Many students who suffer from mental illnesses do not feel able to reach out for help because of the stigma attached to these health problems.
Wits Vuvuzela asked a number of Witsies for their feelings about mental health, in the light of the programme being run by Drama for Life (DFL) in conjunction with the CCDU. Their partnership, which has been running for five years, uses theatre as a tool for social engagement and justice.
This developed into the Human Rights and Social Justice Initiative for 2014, from March 17 to 21. This year, their focus is on mental health.[pullquote]“You don’t ask for help because you think you are being dramatic and exaggerating your situation…it’s hard to ask for help because then you have to admit there’s a problem.”[/pullquote]
Most of the students approached agreed that it was difficult to talk about these issues. “I often keep things to myself and deal with things until I realise that I really can’t,” said Mukhodiwa Nwashe, 1st year Geology.
Danai Myezawa, 1st year BA, said: “You don’t ask for help because you think you are being dramatic and exaggerating your situation…it’s hard to ask for help because then you have to admit there’s a problem.”
A fear of being judged was another reason for not discussing mental health, according to Vukosi Penyani, 1st year Occupational Therapy. “And if you talk, you think you’ll be a burden.”
The challenge of the DFL project lies in representing the inner workings of someone’s mind as an outward expression of mental illness. Drama for Life has tried to show how mental illness affects the relationships people forge with each other.
Ayanda Khala, co-curator of the initiative, said people could often not recognise when sadness was not just situational, but had become depression. Students did not have the language to communicate their feelings accurately.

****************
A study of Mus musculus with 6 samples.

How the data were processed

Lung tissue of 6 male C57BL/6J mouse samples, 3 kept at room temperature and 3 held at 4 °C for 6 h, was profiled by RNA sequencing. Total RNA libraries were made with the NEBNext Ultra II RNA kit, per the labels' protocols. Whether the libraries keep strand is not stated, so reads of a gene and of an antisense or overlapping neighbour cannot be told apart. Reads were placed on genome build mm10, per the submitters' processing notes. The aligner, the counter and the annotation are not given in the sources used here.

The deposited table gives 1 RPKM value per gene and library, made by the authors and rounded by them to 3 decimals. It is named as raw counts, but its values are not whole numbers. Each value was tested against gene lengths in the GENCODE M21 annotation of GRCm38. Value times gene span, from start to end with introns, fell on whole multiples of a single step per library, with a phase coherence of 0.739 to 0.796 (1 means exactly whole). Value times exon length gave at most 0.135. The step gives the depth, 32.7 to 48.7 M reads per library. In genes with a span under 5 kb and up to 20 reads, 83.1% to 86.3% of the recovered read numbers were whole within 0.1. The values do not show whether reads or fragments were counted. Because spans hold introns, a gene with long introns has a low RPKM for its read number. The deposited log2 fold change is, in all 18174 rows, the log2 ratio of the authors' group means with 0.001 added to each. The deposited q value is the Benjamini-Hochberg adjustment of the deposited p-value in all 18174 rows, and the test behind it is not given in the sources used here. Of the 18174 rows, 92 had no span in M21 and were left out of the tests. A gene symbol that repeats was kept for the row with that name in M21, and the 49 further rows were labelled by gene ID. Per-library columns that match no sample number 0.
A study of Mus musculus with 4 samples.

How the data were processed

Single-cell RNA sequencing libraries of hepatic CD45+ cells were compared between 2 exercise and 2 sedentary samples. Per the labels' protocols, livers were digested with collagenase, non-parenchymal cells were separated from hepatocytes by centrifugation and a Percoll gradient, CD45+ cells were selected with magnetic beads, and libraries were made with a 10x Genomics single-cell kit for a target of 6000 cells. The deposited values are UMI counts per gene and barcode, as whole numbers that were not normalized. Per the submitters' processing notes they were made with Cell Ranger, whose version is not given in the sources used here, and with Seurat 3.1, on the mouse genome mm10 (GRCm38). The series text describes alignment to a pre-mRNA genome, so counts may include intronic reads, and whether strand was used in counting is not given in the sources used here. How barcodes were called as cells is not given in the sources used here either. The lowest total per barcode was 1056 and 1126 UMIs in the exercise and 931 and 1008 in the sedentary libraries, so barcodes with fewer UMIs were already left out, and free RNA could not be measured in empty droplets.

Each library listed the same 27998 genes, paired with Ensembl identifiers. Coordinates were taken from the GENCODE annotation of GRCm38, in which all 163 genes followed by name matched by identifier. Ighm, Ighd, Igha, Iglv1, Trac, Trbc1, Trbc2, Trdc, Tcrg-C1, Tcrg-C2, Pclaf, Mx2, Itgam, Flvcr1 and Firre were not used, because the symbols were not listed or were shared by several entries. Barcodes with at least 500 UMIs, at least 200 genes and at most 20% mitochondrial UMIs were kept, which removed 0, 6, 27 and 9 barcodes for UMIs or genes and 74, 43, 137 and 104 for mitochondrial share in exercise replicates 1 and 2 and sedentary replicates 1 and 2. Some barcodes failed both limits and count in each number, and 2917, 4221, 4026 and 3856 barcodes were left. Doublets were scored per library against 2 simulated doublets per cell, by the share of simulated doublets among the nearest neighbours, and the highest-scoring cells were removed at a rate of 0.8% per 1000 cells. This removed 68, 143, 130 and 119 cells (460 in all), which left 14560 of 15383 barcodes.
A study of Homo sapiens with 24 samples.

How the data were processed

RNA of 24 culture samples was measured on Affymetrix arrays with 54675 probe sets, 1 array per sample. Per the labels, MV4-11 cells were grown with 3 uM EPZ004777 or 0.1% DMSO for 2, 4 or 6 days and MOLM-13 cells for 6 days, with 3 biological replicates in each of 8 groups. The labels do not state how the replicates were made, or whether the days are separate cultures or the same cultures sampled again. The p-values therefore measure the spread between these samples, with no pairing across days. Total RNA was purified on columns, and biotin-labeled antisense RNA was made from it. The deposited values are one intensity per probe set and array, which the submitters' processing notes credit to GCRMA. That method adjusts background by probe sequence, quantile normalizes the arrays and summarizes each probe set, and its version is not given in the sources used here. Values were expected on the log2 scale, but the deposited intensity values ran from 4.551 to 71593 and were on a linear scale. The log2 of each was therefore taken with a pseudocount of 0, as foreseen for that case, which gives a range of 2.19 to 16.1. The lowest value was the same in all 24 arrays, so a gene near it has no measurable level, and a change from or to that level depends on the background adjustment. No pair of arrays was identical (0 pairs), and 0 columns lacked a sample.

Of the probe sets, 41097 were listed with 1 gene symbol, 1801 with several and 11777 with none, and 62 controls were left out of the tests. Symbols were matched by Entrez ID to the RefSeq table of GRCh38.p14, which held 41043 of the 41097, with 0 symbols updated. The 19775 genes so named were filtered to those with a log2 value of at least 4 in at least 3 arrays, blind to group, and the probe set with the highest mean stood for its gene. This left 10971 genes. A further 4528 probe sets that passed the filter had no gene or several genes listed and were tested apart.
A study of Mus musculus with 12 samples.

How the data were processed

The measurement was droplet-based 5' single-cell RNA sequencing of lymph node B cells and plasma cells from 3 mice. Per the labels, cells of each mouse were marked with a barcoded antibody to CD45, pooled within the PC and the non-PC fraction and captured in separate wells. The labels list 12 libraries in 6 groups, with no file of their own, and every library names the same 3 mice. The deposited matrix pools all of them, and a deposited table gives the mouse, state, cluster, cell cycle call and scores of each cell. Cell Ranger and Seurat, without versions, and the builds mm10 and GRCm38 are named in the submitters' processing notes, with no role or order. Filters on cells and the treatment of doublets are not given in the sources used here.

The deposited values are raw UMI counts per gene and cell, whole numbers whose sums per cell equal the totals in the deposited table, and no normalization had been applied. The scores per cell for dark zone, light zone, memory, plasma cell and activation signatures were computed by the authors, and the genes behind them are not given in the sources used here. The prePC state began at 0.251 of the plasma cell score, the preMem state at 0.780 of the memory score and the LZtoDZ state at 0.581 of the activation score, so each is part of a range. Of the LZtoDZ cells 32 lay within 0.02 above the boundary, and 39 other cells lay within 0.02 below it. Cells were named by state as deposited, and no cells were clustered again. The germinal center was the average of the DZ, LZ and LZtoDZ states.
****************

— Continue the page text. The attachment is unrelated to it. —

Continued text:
A friend who said they were having a “depressing” day was usually not taken seriously. The comment was not responded to with urgency. She added that young people lacked the language to say “I am not okay”. They failed to understand the language of someone who genuinely cried out for help.
Khala said it was not until an individual felt completely overwhelmed that they began to reach out.
“We respond to mental illness not to mental wellness. Students need to be exposed to the knowledge that they have a right to a healthy mind. We need to develop tools of resilience and ask ‘How do I cope on my feet?’”
Mental wellness had everything to do with how people took care of their physical wellbeing as well, she said. The healthier a student was, the more capable they felt to face life’s challenges. “The ability to voice your frustrations to a friend about a test you failed is an undermined act of self-care.”
Refiloe Lepere, Co-curator of the Initiative and Director of Heading Out, one of the performances run during the week, said students carried guilty feelings associated with mental illness because it was associated with weakness and not strength.
“Many people who suffer from mental illnesses believe they are inherently wrong, or have done something wrong. That it should be somebody else, not me.”
Lepere cited the example of Thamsanqa Jantjie, the “fake sign interpreter” at Nelson Mandela’s memorial service last year. As a nation, we missed the opportunity to talk about mental illness when Jantjie was found to be suffering from schizophrenia.
Lepere said she hoped this campaign could open the channels of communication to allow students to have an honest dialogue about mental illness. One should be able to say: “I have a meeting with my demons” and not see raised eyebrows. It should be possible to react to mental illness in the way we would to catching the flu.
If the stigma of mental illness could be replaced with more validation given to each others’ internal struggles, more people would come forward for help, she said.